Angelina Jolie: Refugees don’t flee to improve their lives

People are currently talking about Angelina Jolie‘s statement about her divorce with Brad Pitt in a recent interview. Almost no one, however, is talking about what she said about refugees in the same interview.

“I see all people as equal,” Jolie recently told Vogue India. “I see the abuse and suffering and I cannot stand by. Around the world, people are fleeing gas attacks, rape, female genital mutilation, beatings, persecution, murder.”

“They do not flee to improve their lives; they flee because they cannot survive otherwise,” Jolie said of refugees. “What I really want is to see an end to what forces people out of their homelands. I want to see prevention when we can, protection when needed and accountability when crimes are committed.”


Refugees flee their respective homes and countries due to “a well-founded fear of persecution” because of “race, religion, nationality, membership in a particular social group or political opinion,” according to the United Nations. The world will celebrate the World Refugee Day on June 20, 2020.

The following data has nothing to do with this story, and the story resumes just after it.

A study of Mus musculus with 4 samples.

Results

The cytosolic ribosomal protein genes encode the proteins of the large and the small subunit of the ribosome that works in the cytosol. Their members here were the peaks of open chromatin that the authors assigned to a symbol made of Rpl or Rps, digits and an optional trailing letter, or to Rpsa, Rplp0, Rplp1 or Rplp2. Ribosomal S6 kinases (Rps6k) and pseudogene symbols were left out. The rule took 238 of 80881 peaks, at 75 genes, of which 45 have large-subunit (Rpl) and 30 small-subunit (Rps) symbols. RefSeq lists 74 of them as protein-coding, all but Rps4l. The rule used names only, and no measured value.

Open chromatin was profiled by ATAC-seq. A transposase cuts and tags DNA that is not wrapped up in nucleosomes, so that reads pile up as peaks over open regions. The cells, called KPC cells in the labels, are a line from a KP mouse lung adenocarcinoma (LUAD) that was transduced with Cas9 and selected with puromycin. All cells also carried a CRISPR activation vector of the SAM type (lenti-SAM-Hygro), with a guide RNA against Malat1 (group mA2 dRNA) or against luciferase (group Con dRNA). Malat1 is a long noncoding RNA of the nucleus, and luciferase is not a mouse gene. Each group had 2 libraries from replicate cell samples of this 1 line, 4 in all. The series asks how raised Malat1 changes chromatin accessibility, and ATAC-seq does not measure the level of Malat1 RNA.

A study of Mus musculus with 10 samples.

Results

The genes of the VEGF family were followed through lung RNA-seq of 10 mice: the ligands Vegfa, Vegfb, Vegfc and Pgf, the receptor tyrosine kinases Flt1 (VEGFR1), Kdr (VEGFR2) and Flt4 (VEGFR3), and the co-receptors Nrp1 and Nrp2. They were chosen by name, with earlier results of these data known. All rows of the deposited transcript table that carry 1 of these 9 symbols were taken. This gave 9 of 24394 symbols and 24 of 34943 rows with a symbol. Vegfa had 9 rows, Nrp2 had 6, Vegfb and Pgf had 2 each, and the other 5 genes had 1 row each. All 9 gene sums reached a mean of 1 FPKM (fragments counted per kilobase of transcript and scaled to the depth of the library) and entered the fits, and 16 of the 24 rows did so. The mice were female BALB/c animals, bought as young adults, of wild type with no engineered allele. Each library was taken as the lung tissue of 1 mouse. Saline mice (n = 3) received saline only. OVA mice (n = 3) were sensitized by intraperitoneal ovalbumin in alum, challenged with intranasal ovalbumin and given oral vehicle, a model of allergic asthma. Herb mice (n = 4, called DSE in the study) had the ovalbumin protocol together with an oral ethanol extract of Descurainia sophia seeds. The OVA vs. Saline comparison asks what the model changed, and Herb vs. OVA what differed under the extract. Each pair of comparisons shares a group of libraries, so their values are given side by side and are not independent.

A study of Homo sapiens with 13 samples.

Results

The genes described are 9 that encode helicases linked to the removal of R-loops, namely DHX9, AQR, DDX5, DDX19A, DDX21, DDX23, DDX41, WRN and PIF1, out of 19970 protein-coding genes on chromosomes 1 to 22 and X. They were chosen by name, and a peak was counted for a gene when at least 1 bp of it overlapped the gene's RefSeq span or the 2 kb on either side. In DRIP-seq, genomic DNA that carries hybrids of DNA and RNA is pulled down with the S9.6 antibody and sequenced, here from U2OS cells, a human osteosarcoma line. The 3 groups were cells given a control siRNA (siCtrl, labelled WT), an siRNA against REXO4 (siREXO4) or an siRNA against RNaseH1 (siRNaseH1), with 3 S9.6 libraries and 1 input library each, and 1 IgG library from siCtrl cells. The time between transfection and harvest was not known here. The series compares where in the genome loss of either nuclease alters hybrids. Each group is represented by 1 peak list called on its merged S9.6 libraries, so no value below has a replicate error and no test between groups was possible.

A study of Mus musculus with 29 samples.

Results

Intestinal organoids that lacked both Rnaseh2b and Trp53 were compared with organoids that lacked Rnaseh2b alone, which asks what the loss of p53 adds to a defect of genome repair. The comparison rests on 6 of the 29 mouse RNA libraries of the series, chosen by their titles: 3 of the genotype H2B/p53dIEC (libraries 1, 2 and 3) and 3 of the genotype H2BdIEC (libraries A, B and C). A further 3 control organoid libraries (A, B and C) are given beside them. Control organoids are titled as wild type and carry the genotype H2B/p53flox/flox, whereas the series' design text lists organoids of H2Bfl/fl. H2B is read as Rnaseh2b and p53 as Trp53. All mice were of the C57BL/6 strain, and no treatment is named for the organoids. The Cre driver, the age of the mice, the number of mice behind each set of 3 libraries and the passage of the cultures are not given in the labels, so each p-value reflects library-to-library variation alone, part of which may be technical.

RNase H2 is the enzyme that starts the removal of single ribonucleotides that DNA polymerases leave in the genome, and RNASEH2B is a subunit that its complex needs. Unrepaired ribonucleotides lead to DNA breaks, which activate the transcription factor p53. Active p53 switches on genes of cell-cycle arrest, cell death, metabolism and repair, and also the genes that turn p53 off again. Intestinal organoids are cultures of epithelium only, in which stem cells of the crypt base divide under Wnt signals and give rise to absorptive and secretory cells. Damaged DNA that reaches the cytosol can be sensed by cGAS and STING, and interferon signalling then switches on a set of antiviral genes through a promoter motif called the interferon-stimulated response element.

On December 14, 1950, the U.N. formed United Nations High Commissioner for Refugees (UNHCR), which is based in Geneva, Switzerland. It is part of the agency’s mandate to protect refugees.


Filming “Lara Croft: Tomb Raid” in Cambodia changed Jolie’s life forever. For the first time in her life, she became an eyewitness to the effects of a humanitarian crisis.

Directed by Simon West, “Lara Croft: Tomb Raid” was released in the United States on June 15, 2001. The film also starred Iain Glen, Daniel Craig, Noah Taylor, Richard Johnson, Chris Barrie, Julian Rhind-Tutt, Leslie Phillips, Olegar Fedoro, Henry Wyndham and Jolie’s father Jon Voight.

When Jolie returned home to the U.S. from Cambodia, she contacted the UNHCR and asked for information on international trouble spots. In February 2001, she spent 18 days visiting refugee camps in Sierra Leone and Tanzania.

In August 2001, Jolie went to Pakistan to meet with refugees from Afghanistan. Responding to an international UNHCR emergency appeal, she donated $1 million, the largest donation the agency had ever received from a private individual.

On August 27, 2001, Jolie was named a UNHCR Goodwill Ambassador in Geneva. In June 2002, she spent four days in Ecuador to meet with refugees from Colombia.

Notes from My Travels,” a book published in 2003, detailed Jolie’s visits to Cambodia, Sierra Leone, Tanzania, Pakistan and Ecuador. She donated her proceeds from the book to the UNHCR.